When I read the CNN headline "Parents Are 'Party-Training' Kids," I assumed that it must be talking about college-style keggers. Were mothers bottle-feeding their kids beer? I clicked on the link, intrigued.
It turns out that the article has less to do with Saturday night and more with Super Tuesday -- the parties in question are political, and the "training" has to do with giving kids politically themed T-shirts. Right. Apparently politically minded parents can now dress their children in "My Mama's for Obama" T-shirts or "Weepublican" baby jumpers. (That's not mentioning, of course, "Mommy and Me for Hillary!" or "Bush Is My Homeboy" kids wear.)
The parents interviewed mostly think the clothing is cute and playful. But some also think of it as a way to teach kids about family values -- or, at least, about their family's values. "We all want our children to share our values," one mother is quoted as saying. "And these shirts are one of the ways we get to express that."
Some therapists don't think it's so cute. Joan Ingber, a therapist specializing in children's issues, is quoted as saying that while at first the shirts seem benign, "the more I think about it, the more it fails to pass my cringe test. It seems we're bombarded enough by constant advertising, so why should children become the canvas for any ad? ... Do we really want to see kids in this role?"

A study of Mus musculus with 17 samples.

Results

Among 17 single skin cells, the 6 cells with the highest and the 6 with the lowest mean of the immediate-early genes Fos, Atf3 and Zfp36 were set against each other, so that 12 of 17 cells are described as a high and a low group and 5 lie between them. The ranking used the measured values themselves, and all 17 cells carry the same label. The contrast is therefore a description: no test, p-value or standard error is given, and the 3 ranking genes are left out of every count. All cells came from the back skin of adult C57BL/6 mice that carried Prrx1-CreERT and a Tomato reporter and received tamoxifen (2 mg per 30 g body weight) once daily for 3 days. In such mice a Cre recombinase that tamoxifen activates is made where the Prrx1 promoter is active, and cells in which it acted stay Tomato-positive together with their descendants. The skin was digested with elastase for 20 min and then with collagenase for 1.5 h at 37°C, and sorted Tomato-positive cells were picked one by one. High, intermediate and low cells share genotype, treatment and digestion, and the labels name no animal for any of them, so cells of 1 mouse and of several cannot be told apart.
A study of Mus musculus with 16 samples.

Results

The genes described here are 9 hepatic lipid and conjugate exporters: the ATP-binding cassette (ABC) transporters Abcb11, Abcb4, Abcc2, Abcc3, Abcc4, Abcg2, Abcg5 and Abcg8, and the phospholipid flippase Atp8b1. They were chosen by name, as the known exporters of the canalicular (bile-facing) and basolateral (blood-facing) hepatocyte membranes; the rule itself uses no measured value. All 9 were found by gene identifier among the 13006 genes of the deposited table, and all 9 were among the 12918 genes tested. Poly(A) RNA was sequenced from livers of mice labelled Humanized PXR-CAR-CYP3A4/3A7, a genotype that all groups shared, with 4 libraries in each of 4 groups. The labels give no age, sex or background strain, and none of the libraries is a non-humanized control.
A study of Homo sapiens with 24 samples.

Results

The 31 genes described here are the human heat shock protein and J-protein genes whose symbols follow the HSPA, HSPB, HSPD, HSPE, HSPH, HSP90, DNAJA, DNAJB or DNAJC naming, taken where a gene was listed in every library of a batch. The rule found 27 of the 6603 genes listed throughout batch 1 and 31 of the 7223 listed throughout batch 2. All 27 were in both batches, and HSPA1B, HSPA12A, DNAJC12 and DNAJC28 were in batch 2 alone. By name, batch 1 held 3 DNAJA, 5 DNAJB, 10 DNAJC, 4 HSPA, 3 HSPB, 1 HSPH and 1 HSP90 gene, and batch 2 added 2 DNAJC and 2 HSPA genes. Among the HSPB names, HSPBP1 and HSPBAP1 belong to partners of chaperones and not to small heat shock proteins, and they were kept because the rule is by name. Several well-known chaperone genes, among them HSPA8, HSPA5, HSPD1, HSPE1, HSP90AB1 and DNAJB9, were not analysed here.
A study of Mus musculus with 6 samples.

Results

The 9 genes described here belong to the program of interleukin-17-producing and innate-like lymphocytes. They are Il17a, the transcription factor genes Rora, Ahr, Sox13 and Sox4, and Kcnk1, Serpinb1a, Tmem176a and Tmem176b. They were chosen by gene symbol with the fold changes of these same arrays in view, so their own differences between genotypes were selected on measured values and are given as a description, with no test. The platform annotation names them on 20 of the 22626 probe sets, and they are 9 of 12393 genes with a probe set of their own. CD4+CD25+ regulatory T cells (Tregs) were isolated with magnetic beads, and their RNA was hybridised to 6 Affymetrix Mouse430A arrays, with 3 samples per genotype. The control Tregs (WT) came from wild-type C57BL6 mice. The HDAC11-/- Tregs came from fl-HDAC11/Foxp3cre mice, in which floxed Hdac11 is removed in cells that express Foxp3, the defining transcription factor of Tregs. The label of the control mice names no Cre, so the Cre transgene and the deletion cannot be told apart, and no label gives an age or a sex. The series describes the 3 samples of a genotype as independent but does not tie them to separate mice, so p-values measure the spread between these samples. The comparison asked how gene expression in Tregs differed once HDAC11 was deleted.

And then there's the question of brainwashing. I mean, clearly every kid is influenced by his or her parents' beliefs. But as someone who refuses to be affiliated with either party, it seems a little weird to me that there are "Demoquat" and "Raised Republican" tees for kids too young to read -- not to mention children's books out there with titles like "Why Mommy Is a Democrat" (starring a family of squirrels) or the less subtle "Help! Mom! There Are Liberals Under My Bed!" Does "party training" work when the kid hasn't even been potty-trained? (For a funny example, check out this YouTube video of a precocious Obama fan.)
But then again, there are more important things to worry about than kids in political T-shirts. After all, if childhood outfits help kids develop an interest in politics later in life, who can complain? And if they look cute in the process? All the better.